Attacks from Gaza on Israel have ramped up significantly in the last several days. An Israeli patrol was hit by what was thought to be a roadside bomb on Tuesday (three were wounded), near the border fence with Gaza. On Saturday, terrorists in Gaza fired an anti-tank missile at an Israeli jeep with four infantrymen in it, as the patrol operated in the area of the roadside bomb attack. The four soldiers were wounded, one severely. More than 80 rockets have been launched from Gaza into Israel since the attack on the jeep on Saturday, 10 November. At least three Israeli civilians were injured in the rocket attacks.
Geography is beginning to rear its head again, as Israel has also sustained incursions into the Golan from Syria in recent days. On Sunday, Israel fired “warning shots” into Syria after the latest incursion, which involved mortar rounds from Syria landing in the Golan.
Egypt is seeking to broker another soon-to-be-violated ceasefire between Gaza and Israel, but on Israel’s Egyptian flank, the stakes are being raised by “non-state actors.” On Sunday, unidentified “gunmen” opened fire on an Egyptian security forces camp near the border with Israel in the northeastern Sinai. Security in the Sinai has been a major – and legitimate – concern for Egypt since before the Arab Spring began; Iranian-sponsored subversives were identified as operating there while Mubarak was still in power, and as recently as August 2012, terrorists in the Sinai attempted to use stolen Egyptian military equipment to ram structures at the Kerem Shalom crossing into Israel.
Israel has responded to the attacks from Gaza with air attacks on the terrorists’ infrastructure, as well as an immediate counter-attack against the position of the anti-tank missile launcher on Saturday. Defense Minister Ehud Barak says Israel won’t hesitate to launch a Gaza operation, presumably similar to Cast Lead in early 2009.
A month ago, The Israel Project published an excellent analysis pointing out that the posture of Hamas in Gaza was very much like its aggressive posture in 2008, from militarizing civilian facilities like mosques to unifying Gaza-based terror groups under its political leadership. In terms of the latter, an armed faction of the Popular Front for the Liberation of Palestine claimed responsibility for the missile attack on the jeep on Saturday, along with Hamas’s Izz al-Din al-Qassam Brigades. It is quite possible that both groups are acting under Hamas’s operational leadership at the moment.
Changing conditions for peace
The Arab Spring has changed the factors in this dynamic since the timeframe of Operation Cast Lead, however. In January of 2009, Israel didn’t face the prospect of a significant remilitarization of the Sinai Peninsula. Today, she does. No one nation or event has created the situation that now exists, but it could be something of a Catch-22 for decision-makers in Jerusalem. Crack down on Gaza hard enough, and the resulting spillover into the Sinai will give Mohammed Morsi legitimate reasons to increase his military presence there. Yet Israel doesn’t have the option of simply allowing Hamas to ramp up its attacks on civilians across the south – or on Israeli infantry patrols, for that matter.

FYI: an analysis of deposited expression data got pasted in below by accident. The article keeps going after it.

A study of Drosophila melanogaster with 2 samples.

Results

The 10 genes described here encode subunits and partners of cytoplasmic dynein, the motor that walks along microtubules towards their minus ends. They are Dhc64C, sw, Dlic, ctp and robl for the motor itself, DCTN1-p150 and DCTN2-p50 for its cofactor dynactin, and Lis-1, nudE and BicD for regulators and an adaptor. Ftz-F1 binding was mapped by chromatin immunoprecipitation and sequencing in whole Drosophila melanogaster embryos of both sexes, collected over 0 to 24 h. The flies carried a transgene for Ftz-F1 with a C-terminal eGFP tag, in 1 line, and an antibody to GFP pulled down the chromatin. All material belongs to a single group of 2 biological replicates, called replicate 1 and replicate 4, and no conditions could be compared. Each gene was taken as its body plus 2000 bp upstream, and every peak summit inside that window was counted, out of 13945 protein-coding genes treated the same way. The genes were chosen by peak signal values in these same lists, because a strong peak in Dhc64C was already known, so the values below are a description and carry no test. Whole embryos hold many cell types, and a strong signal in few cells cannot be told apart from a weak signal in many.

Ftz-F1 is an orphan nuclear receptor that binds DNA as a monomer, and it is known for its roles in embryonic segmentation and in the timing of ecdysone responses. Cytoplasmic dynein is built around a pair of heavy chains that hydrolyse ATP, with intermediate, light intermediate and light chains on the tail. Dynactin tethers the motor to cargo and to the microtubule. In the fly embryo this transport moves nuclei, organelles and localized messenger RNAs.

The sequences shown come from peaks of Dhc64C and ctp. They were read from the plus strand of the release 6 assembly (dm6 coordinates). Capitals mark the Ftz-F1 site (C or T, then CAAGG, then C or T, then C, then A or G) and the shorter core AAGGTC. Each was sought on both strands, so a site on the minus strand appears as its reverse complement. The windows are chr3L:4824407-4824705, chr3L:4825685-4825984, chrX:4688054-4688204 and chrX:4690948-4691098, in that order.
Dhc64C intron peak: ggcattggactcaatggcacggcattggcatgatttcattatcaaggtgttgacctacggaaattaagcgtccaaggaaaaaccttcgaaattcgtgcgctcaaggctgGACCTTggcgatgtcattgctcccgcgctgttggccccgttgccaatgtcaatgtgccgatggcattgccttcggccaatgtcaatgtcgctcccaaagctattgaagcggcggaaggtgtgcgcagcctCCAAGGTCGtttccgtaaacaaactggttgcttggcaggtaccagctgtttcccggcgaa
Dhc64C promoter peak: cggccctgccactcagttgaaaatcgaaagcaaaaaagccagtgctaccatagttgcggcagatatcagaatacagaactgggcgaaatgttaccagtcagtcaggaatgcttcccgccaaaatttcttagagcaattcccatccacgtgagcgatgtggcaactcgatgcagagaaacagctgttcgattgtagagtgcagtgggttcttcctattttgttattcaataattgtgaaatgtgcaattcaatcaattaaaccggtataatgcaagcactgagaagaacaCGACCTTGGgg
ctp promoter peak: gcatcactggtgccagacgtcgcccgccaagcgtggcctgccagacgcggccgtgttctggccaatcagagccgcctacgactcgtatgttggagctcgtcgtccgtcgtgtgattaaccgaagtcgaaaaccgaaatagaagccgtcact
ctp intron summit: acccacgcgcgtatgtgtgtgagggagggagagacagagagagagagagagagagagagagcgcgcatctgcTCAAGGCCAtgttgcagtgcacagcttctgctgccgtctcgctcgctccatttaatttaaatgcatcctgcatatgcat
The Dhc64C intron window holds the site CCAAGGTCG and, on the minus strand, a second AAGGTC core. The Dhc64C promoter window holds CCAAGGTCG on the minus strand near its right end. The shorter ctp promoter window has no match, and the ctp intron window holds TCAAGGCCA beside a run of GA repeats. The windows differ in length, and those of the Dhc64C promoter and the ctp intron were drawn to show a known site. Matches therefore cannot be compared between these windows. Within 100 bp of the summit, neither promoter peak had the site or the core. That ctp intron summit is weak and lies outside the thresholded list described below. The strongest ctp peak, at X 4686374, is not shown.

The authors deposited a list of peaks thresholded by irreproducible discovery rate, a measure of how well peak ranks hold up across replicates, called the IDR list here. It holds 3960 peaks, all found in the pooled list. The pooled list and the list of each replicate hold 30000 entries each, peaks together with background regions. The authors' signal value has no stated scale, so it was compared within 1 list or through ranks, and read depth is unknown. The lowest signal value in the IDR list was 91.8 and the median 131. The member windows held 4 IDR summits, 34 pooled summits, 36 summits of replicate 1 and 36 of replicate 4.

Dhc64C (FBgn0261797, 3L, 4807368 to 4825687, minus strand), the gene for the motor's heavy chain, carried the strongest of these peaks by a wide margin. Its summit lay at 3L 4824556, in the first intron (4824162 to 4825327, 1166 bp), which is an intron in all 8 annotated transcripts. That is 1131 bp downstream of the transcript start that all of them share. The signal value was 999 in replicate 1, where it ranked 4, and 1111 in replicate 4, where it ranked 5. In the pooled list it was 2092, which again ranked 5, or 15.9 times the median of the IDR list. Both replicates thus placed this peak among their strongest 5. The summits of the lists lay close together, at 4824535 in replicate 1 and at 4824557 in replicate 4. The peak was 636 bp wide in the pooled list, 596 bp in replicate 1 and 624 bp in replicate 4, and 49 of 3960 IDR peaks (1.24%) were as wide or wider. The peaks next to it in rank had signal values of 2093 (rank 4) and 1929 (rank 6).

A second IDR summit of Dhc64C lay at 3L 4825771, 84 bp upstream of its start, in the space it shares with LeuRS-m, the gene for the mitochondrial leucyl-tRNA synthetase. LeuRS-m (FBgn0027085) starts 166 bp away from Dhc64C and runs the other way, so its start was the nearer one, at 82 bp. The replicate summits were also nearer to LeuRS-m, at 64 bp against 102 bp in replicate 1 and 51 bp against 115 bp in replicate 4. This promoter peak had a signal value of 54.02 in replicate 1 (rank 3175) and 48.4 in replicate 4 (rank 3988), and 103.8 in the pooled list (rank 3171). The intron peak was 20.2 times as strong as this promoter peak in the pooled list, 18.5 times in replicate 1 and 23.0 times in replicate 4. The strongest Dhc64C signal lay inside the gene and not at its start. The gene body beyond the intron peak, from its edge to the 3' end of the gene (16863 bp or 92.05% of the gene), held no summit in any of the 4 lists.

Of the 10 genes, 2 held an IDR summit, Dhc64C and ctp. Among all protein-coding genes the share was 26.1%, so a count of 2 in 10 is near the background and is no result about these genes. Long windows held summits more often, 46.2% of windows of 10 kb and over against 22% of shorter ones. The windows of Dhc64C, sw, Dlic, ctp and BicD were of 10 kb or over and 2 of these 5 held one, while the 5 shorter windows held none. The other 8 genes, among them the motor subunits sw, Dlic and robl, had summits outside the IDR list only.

Could Israel get an explicit, enforceable agreement from Morsi to coordinate each and every military deployment into the Sinai, so that Israel would effectively have a veto over deployments she considered too dangerous? It doesn’t matter that those are essentially the terms of the treaty. Morsi is a new ball-game. Nothing is clear right now, partly because we don’t know how fast Morsi wants to move on his ideological designs on Jerusalem – and partly because it isn’t clear what the United States will do.
The US was the essential third leg of the 1979 Israel-Egypt peace accord, and our affirmation of interest in it is the only thing that will keep it in force, at least for a time, if Egypt decides it’s better to start maneuvering around the treaty than to honor it straightforwardly. During Egypt’s turmoil in the first half of 2011, President Obama did not reaffirm that the 1979 accord was a core national security interest of the United States – a measure that would have been simple, basic statesmanship. His administration has been virtually silent on the subject.
The point here is not to assert that Obama doesn’t care about the treaty and will stand by passively as it is contravened. The point is that we don’t knowwhat he’ll do. My own assessment is that what he does will depend on how Morsi handles an effective treaty breach. If Morsi’s words meet the criteria by which Team Obama’s ideologues judge foreign actors, the US Congress may be the last stand in the United States for the principle of the 1979 accord – which could be breached by inches, with small, day-to-day tactical choices, without anyone ever announcing that that’s the intention.
About the Author: J.E. Dyer is a retired US Naval intelligence officer who served around the world, afloat and ashore, from 1983 to 2004.